Cells behave distinctly within sponges and hydrogels due to differences of internal structure
Date of Issue2013
School of Chemical and Biomedical Engineering
Different forms of biomaterials, including microspheres, sponges, hydrogels, and nanofibers, have been broadly used in cartilage regeneration; however, effects of internal structures of the biomaterials on cells and chondrogenesis remain largely unexplored. We hypothesized that different internal structures of sponges and hydrogels led to phenotypic disparity of the cells and may lead to disparate chondrogenesis. In the current study, the chondrocytes in sponges and hydrogels of chitosan were compared with regard to cell distribution, morphology, gene expression, and production of extracellular matrix. The chondrocytes clustered or attached to the materials with spindle morphologies in the sponges, while they distributed evenly with spherical morphologies in the hydrogels. The chondrocytes proliferated faster with elevated gene expression of collagen type I and down-regulated gene expression of aggracan in sponges, when compared with those in the hydrogels. However, there was no significant difference of the expression of collagen type II between these two scaffolds. Excretion of both glycosaminoglycan (GAG) and collagen type II increased with time in vitro, but there was no significant difference between the sponges and the hydrogels. There was no significant difference in secretion of GAG and collagen type II in the two scaffolds, while the levels of collagen type I and collagen type X were much higher in sponges compared with those in hydrogels during an in vivo study. Though the chondrocytes displayed different phenotypes in the sponges and hydrogels, they led to comparable chondrogenesis. An optimized design of the biomaterials could further improve chondrogenesis through enhancing functionalities of the chondrocytes.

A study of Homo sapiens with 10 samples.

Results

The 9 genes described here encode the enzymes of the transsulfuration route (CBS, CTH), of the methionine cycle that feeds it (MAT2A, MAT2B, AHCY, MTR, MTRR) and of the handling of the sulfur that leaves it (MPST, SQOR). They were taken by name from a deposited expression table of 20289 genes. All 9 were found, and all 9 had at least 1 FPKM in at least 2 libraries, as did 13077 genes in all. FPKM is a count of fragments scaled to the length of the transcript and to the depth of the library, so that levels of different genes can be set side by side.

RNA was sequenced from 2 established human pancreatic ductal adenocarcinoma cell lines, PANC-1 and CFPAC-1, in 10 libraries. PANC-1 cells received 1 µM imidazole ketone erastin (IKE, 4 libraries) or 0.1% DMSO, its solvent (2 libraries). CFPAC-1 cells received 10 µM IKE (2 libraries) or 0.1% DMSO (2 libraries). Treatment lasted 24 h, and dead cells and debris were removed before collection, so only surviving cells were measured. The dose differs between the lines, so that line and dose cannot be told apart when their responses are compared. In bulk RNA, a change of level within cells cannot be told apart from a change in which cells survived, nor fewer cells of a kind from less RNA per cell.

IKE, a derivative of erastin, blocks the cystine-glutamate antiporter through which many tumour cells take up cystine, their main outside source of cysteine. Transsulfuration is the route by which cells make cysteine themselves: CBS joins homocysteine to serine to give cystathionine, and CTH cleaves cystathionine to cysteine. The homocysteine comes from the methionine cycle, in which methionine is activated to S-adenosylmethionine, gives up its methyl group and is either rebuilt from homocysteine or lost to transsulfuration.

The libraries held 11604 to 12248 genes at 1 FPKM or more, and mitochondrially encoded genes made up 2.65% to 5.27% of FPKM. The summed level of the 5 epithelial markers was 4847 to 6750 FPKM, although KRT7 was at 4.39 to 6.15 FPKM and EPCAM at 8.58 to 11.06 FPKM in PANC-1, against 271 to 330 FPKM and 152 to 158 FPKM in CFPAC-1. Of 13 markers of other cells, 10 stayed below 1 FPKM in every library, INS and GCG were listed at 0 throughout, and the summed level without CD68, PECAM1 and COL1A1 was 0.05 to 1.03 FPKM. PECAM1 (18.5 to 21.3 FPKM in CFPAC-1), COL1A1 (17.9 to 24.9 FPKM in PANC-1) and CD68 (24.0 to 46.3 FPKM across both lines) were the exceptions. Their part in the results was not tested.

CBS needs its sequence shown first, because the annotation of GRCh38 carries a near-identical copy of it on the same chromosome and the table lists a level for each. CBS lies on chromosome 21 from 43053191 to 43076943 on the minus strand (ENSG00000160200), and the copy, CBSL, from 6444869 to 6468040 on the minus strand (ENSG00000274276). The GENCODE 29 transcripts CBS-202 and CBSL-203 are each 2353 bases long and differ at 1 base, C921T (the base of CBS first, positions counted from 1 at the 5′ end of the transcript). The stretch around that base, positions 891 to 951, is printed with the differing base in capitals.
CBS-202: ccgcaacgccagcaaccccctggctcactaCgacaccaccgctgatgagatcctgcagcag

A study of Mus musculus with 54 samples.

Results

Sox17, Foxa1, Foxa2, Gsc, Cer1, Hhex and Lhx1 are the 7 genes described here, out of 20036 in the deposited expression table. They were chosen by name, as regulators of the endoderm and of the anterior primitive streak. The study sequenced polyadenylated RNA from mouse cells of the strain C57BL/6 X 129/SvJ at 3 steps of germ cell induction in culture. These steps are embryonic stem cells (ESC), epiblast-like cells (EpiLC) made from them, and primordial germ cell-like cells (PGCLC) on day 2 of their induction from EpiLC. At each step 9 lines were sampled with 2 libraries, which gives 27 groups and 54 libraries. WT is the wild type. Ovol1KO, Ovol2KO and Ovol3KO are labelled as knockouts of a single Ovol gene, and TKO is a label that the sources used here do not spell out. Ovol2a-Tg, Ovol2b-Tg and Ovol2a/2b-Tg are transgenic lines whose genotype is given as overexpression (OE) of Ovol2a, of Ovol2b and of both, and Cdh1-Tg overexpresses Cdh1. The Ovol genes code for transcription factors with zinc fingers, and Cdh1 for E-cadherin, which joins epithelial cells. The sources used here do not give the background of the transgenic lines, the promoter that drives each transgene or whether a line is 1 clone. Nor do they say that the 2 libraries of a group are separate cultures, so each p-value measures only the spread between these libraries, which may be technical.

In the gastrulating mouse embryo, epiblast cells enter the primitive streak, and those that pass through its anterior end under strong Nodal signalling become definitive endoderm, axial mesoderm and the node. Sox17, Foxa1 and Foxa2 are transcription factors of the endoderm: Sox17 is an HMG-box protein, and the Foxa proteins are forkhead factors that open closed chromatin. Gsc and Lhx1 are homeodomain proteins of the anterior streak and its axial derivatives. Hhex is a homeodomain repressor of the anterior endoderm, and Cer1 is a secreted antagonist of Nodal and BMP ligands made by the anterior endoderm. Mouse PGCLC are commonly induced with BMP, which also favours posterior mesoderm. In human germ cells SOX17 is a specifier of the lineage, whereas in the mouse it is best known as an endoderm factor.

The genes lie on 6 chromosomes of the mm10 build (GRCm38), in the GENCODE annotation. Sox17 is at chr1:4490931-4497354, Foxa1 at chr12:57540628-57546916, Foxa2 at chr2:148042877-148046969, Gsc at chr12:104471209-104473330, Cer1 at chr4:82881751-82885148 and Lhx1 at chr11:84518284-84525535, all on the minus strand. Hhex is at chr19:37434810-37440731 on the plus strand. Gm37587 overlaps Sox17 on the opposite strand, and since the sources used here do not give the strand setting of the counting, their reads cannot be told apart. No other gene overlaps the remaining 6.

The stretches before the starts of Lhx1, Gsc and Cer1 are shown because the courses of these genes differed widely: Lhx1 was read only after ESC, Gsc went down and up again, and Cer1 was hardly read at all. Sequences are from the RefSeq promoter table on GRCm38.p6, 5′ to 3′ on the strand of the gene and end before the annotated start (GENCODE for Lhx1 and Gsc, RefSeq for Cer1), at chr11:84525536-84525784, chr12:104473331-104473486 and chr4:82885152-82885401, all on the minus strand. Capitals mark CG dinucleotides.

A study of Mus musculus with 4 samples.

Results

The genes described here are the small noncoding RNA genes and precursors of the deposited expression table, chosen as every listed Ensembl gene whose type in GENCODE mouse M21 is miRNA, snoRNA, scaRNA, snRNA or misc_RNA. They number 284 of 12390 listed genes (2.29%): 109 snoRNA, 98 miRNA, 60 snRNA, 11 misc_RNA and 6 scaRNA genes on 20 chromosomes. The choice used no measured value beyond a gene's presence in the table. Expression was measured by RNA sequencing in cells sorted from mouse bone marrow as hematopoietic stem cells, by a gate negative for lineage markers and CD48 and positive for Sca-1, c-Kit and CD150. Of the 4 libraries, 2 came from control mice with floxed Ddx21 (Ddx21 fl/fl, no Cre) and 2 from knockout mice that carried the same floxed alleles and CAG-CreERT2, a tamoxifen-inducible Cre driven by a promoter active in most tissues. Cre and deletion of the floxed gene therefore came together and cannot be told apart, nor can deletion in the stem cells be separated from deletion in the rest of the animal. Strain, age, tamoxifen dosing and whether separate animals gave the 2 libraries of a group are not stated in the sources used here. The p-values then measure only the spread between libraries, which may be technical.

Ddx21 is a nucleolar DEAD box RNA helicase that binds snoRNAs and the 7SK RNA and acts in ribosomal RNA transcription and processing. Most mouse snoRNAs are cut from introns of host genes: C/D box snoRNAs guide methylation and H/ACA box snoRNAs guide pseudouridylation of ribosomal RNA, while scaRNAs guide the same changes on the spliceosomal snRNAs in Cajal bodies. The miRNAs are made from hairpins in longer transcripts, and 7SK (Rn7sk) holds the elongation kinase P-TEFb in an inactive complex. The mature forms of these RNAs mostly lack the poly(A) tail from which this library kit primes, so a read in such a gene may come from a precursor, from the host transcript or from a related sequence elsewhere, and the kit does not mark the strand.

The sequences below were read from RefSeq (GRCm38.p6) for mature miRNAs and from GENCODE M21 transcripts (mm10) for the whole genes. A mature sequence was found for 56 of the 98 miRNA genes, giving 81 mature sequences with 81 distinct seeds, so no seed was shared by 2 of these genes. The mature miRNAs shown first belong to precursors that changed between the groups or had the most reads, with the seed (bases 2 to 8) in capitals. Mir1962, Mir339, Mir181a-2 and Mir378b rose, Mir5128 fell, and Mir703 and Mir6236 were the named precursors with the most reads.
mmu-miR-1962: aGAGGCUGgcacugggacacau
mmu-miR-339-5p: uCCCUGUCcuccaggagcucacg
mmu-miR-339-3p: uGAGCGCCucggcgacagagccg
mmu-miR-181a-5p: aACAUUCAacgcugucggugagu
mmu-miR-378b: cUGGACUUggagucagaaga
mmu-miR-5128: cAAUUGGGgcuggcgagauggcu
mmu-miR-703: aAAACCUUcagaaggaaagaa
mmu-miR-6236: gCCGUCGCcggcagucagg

Tissue engineering - Part A
© 2013 Mary Ann Liebert. This paper was published in Tissue Engineering - Part A and is made available as an electronic reprint (preprint) with permission of Mary Ann Liebert. The paper can be found at the following official DOI: [http://dx.doi.org/10.1089/ten.tea.2012.0393]. One print or electronic copy may be made for personal use only. Systematic or multiple reproduction, distribution to multiple locations via electronic or other means, duplication of any material in this paper for a fee or for commercial purposes, or modification of the content of the paper is prohibited and is subject to penalties under law.